Texas Far and Wide

Texas Far and Wide: The Tornado with Eyes, Gettysburg's Last Casualty, the Celestial Skipping Stone and Other Tales
by E.R. Bills

Charleston: The History Press, 2017.
142 pp. $21.99 paper.

Reviewed by
Jaimie Haider

Former U.S. Speaker of the House Tip O’Neill is credited with reminding his colleagues that “all politics is local.” O’Neal implored his colleagues to both grapple with big ideas while also keeping sight of their constituents’ commonplace concerns. In Texas Far and Wide, E.R. Bills has produced a series of historical essays about Texas that are best described as local. While Bills’s selected topics often insert Texas into larger national and historical conversations, the author first and foremost describes the writing of Texas Far and Wide as an exploration of Texas itself. Bills says he used the writing process as an opportunity to “make [his] life less sedentary,” taking the opportunity to travel and learn more about his home state. In a series of twenty-five short essays, Bills invites his readers to learn more about Texas through his examinations of folk lore, exposés of small and large traumas, and highlights of little-known heroes. All the while, Bills provides space for lesser heard Texans to speak into the larger conversation about the state’s history.

   While a particular argument doesn’t weave all of the essays together, the intentionality of Bills’s subject choices is plain to read. Bills’s subjects are diverse. In “First Fastest Man Alive,” Bills tells the story of Charley Paddock, a white man who overcame childhood health problems to become a WWI veteran, gold medal Olympian, and star collegiate debater before his untimely death while serving in the Marine Corps during WWII. Although Paddock overcame great odds to achieve his success, he had the fortune of being welcomed by every institution he encountered. In “Harvard of the West Mississippi” on the other hand, Bills explores the unlikely successes of the famed Great Debaters of Wiley College in Marshall, Texas. While the team had many achievements, Bills notes their consistent struggles against segregation, racist Pi Kappa Delta policies, and the “long-held myth” of black intellectual inferiority.

   In other essays such as “Teenage Aviatrix” and “Patsy or Betsy, A Negro Woman,” Bills successfully uncovers lesser known topics of Texas history while naming the actors, acknowledging their accomplishments, and illuminating the injustices that affected their trajectories. Herein lies one of the quiet strengths of Bills’s monograph. Bills calls the leading and supporting actors of Texas history by name. Essays such as “Tornado With Eyes” take a nearly Biblical turn as Bills creates space to honor every victim of a 1987 tornado by both name and age. The names cover nearly a full page. These editorial choices make Bills’s essays feel local and personal, even when they touch upon grander narratives. Readers will feel like locals as they learn about the Lone Star State, and otherwise unnamed Texans will find their place in the annals of Texas history.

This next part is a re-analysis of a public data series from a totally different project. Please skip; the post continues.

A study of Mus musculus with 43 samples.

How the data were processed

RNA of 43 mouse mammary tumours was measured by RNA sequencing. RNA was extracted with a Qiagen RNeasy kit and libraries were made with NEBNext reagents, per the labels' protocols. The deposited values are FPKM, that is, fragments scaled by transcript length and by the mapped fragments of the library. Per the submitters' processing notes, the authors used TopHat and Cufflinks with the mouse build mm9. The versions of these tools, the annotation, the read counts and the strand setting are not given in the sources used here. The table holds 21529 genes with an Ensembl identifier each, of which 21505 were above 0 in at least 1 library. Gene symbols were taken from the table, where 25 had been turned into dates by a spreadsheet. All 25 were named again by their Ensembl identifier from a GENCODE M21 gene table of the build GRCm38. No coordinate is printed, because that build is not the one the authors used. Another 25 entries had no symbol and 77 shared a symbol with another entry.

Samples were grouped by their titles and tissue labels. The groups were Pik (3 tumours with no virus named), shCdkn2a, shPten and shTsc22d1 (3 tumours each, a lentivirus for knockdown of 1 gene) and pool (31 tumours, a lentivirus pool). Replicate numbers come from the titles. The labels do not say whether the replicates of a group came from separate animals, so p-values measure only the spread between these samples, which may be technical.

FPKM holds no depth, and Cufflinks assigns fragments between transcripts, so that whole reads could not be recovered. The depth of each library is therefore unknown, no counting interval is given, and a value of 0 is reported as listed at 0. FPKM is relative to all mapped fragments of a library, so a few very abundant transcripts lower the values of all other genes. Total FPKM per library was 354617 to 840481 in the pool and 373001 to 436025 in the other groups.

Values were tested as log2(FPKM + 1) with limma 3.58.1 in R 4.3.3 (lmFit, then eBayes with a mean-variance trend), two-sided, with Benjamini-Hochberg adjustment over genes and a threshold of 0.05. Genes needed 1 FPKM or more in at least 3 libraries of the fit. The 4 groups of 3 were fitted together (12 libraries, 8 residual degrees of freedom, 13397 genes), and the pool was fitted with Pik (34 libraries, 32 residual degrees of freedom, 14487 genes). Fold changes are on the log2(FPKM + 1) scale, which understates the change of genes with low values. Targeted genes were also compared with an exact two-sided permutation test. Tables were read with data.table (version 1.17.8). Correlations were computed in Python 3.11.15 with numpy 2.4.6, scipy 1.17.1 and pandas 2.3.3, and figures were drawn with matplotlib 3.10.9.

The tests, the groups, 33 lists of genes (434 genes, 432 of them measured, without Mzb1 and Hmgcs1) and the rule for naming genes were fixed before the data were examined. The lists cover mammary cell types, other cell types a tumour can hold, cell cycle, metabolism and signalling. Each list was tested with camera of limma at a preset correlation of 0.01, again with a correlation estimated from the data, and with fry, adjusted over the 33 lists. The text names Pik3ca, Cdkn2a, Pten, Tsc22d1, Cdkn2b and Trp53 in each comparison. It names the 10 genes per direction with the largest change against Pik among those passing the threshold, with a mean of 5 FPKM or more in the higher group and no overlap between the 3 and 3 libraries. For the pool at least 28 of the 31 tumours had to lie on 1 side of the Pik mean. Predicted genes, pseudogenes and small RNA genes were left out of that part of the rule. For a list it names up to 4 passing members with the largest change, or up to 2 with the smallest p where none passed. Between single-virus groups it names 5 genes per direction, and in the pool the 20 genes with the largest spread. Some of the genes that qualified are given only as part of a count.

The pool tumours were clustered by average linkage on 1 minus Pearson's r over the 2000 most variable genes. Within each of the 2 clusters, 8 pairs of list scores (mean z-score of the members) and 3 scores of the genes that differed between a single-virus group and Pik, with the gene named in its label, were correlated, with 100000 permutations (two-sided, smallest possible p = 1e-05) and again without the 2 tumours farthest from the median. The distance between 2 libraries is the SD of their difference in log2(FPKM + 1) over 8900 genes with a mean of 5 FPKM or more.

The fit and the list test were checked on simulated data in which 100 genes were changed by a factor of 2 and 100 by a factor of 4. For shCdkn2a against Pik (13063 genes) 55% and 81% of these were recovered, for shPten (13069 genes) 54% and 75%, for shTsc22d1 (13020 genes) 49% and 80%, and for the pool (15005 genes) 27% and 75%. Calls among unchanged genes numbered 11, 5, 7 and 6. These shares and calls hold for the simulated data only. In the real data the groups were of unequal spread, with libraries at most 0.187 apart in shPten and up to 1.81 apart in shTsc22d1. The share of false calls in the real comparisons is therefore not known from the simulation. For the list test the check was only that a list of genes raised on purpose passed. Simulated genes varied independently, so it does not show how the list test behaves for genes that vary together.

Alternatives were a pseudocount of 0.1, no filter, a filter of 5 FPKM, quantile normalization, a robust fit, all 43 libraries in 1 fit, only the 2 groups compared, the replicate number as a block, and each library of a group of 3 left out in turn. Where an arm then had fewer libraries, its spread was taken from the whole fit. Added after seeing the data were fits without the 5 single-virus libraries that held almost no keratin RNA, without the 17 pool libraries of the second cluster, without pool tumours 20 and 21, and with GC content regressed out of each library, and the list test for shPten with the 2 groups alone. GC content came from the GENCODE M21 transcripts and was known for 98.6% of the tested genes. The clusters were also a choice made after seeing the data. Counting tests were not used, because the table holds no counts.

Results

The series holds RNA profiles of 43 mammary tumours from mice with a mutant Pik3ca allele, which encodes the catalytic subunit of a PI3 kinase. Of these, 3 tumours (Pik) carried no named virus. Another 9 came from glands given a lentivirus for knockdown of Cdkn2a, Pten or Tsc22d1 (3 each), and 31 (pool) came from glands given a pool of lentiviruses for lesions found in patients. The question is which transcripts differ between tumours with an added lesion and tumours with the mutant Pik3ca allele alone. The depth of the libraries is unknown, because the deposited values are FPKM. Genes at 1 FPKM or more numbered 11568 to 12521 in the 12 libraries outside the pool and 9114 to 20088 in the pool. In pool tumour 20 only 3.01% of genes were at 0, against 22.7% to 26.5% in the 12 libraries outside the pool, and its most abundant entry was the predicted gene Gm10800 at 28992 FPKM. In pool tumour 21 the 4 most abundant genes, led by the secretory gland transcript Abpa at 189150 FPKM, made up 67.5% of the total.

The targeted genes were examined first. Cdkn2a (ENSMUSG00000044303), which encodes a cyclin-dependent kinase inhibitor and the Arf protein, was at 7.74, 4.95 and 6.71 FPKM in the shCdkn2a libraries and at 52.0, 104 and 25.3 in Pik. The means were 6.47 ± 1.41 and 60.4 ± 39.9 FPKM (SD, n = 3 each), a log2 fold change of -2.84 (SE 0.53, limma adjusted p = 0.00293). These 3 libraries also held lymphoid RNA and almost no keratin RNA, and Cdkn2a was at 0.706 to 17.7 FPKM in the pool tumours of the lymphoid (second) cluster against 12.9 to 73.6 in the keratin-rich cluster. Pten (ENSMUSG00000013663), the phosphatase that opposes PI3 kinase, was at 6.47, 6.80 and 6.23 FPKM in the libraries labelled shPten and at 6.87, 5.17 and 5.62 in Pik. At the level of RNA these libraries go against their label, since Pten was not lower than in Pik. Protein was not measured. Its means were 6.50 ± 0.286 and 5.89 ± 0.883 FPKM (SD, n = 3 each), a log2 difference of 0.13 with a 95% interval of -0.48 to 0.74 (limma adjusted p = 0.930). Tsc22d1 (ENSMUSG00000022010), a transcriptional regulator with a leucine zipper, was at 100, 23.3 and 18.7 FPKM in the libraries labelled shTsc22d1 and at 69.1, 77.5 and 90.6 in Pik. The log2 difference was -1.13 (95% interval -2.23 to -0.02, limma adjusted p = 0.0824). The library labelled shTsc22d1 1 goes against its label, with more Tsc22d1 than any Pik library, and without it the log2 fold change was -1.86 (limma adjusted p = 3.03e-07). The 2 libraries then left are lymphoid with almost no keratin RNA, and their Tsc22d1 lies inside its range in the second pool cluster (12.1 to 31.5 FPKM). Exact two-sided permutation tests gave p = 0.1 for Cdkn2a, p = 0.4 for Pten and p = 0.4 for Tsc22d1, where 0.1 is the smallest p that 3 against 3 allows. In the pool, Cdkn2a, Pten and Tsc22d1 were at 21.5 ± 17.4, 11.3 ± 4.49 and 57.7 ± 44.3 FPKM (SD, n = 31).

Reading Texas Far and Wide is a delight. E.R. Bills tells the stories of ordinary Texans as they encounter successes, tragedies, and mysteries. (Even native Texans may be surprised by the number of Texas UFO sightings Bills uncovers.) Bills succeeds in making these stories feel both local and historically significant, sometimes by connecting these histories to larger narratives and always by treating each subject with wonder and respect. This monograph is not without its issues or oversights. For instance, in “Gettysburg’s Last Casualty,” Bills does not apply the same sharp yet respectful criticism definitive of his monograph when discussing Texas veterans of the Civil War. In this essay, the most difficult questions— about how to respect local history while remaining critical of the confederacy—seem to remain unasked. Additionally, while the subjects of Bills’s histories are diverse, their identities are certainly not representative of the robust diversity of Texas. Texas cities such as Houston have been the centers of vibrant Asian-American and LGBTQ communities, for example, but these communities’ stories do not inform this monograph.

   In the book’s brief preface, E.R. Bills argues that the world is “too much without” his readers as they settle into their own homes, warm on their couches. The author asks that his readership continue his work of exploration, setting out to learn more about their homes beyond their own property lines. The gaps in Bills’s subjects certainly invite readers to this opportunity, and the integrity and curiosity with which Bills treated each of his topics in Texas Far and Wide provides an excellent model.

Jaimie Haider has worked in higher education for nearly a decade. A student of history and native Texan, Jaimie reads Jimmy Carter books and chats up her husband and dog about politics over chips and guacamole while longing for the championship days of the Houston Rockets.